Queensland University researchers have ventured into a new approach called 'gene silencing' for the treatment of cervical cancer. The technique is targeted towards turning the cancer causing genes on and off to help cervical cancer patients.
Certain genes called tumor suppressor genes are responsible for preventing the occurrence of a particular type of cancer. On the other hand, tumor-promoting genes help in the initiation and progression of tumor. A logical way to combat tumor is to either turn on the tumor suppressor genes or turn off the tumor promoting genes.
Cervical cancer is the leading cause of cancer death in women aged 25-50 worldwide. Infection with the human papilloma virus is regarded to be a causative factor in cervical cancer as it results in the over-production of two viral cancer-causing genes called E6 and E7.
The researchers were successful in killing the cervical cancer cells by turning of the production of these genes in cancer cells. Furthermore, gene silencing was found to enhance the effect of chemotherapy by up to four times.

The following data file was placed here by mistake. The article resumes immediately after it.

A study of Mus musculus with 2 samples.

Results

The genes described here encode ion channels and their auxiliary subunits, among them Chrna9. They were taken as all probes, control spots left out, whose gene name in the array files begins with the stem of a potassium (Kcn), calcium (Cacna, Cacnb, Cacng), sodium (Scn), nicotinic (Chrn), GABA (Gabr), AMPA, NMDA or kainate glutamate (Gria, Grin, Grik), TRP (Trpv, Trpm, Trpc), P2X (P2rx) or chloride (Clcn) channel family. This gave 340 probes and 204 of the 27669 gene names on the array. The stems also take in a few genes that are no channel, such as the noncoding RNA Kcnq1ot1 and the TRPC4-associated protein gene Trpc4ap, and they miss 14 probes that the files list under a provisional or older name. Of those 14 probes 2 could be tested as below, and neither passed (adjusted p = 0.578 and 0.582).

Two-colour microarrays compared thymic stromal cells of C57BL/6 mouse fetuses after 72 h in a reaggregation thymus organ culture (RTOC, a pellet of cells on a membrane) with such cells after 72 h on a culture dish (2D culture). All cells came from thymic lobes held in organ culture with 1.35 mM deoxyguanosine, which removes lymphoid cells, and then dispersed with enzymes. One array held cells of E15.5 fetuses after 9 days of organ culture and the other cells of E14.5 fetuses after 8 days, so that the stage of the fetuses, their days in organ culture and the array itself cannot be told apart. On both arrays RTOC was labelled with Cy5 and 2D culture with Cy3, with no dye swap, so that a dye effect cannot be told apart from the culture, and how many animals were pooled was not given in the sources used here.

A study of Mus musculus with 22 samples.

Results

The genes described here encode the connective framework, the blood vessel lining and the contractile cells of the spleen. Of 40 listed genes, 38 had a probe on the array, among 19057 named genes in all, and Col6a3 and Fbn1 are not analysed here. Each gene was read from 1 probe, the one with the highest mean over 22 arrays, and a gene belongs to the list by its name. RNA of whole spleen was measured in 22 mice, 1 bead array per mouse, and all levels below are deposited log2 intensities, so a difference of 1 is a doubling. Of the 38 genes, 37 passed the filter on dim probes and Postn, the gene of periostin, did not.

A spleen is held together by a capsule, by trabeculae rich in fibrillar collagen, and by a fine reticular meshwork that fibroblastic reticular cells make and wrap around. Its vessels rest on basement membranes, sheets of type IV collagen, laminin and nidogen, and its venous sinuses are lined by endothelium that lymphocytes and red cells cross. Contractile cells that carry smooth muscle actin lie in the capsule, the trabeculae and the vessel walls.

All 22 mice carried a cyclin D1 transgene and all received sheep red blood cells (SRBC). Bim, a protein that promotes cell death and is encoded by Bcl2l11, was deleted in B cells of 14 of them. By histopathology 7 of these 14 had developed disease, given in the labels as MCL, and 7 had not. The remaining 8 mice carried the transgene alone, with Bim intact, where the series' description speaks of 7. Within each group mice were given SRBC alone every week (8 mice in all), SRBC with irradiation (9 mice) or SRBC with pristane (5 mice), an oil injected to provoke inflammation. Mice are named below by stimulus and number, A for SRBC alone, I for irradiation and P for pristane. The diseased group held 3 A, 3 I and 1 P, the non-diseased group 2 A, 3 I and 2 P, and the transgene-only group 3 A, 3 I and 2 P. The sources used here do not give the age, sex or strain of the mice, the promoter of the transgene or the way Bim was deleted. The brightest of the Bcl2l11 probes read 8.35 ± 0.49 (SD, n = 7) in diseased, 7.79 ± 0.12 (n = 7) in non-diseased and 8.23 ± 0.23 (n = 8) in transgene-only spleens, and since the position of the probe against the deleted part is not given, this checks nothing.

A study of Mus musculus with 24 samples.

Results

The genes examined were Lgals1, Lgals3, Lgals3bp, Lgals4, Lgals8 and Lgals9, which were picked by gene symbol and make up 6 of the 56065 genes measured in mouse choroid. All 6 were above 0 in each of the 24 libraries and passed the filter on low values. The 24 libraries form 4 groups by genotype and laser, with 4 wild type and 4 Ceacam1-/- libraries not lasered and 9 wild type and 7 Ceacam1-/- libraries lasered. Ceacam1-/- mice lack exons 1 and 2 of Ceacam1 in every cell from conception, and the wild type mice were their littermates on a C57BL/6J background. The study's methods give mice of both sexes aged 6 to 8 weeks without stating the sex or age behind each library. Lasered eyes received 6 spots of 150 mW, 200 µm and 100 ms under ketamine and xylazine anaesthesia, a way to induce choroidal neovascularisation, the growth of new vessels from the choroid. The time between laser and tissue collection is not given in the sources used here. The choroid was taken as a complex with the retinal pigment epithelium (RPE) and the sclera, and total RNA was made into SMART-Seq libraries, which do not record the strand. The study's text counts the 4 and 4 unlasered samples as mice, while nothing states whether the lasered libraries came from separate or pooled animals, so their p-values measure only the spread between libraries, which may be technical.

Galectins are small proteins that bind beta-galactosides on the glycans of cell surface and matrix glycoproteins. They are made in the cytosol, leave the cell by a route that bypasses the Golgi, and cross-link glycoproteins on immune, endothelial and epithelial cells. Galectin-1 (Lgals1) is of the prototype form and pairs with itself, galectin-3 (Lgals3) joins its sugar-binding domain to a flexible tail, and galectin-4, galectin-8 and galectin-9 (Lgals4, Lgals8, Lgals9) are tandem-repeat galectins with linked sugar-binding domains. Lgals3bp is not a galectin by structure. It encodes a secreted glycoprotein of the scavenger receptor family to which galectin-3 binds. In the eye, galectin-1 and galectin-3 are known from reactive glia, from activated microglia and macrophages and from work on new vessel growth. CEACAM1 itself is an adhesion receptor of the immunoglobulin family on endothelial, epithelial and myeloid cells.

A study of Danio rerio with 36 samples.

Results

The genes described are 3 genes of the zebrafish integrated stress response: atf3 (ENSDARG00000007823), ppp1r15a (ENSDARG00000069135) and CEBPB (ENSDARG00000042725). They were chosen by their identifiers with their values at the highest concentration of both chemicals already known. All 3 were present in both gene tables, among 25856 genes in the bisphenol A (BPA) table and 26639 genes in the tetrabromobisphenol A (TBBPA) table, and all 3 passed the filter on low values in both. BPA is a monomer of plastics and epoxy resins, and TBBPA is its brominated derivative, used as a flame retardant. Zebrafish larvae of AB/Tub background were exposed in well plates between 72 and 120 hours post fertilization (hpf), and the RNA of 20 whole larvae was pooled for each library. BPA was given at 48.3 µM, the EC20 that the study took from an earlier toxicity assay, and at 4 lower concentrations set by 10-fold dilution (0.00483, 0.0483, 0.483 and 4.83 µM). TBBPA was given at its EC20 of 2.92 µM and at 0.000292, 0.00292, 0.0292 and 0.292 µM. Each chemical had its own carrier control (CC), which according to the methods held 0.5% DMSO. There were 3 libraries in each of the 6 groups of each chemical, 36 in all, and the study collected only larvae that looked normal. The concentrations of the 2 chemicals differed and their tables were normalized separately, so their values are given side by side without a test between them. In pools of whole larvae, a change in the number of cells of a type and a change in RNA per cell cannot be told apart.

One main advantage of this approach is that the normal cells remain unaffected during manipulation, as the main target is the viral gene. The researchers hope to exploit this form of treatment to all forms of cervical cancer including the premalignant lesions picked up by the pap smear and especially for advanced cervical cancers where the cancer has moved to other sites such as the lung or liver.
The current results have been demonstrated in cervical cancer cell lines grown in test tubes. The next step is to achieve the same desired effect in animal models. If successful, the next stage of research will focus on the development of materials for human trials to allow proper delivery of the drug to patients and to investigate whether other cancer types can be treated this way.
Although the trials are under an experimental phase, if successful, it can turn out to be an advanced form of the currently existing treatment options such as surgery, radiotherapy and chemotherapy. At the least, a cancer-specific treatment for advanced cervical cancers would be arrived at either alone or in combination with existing treatments.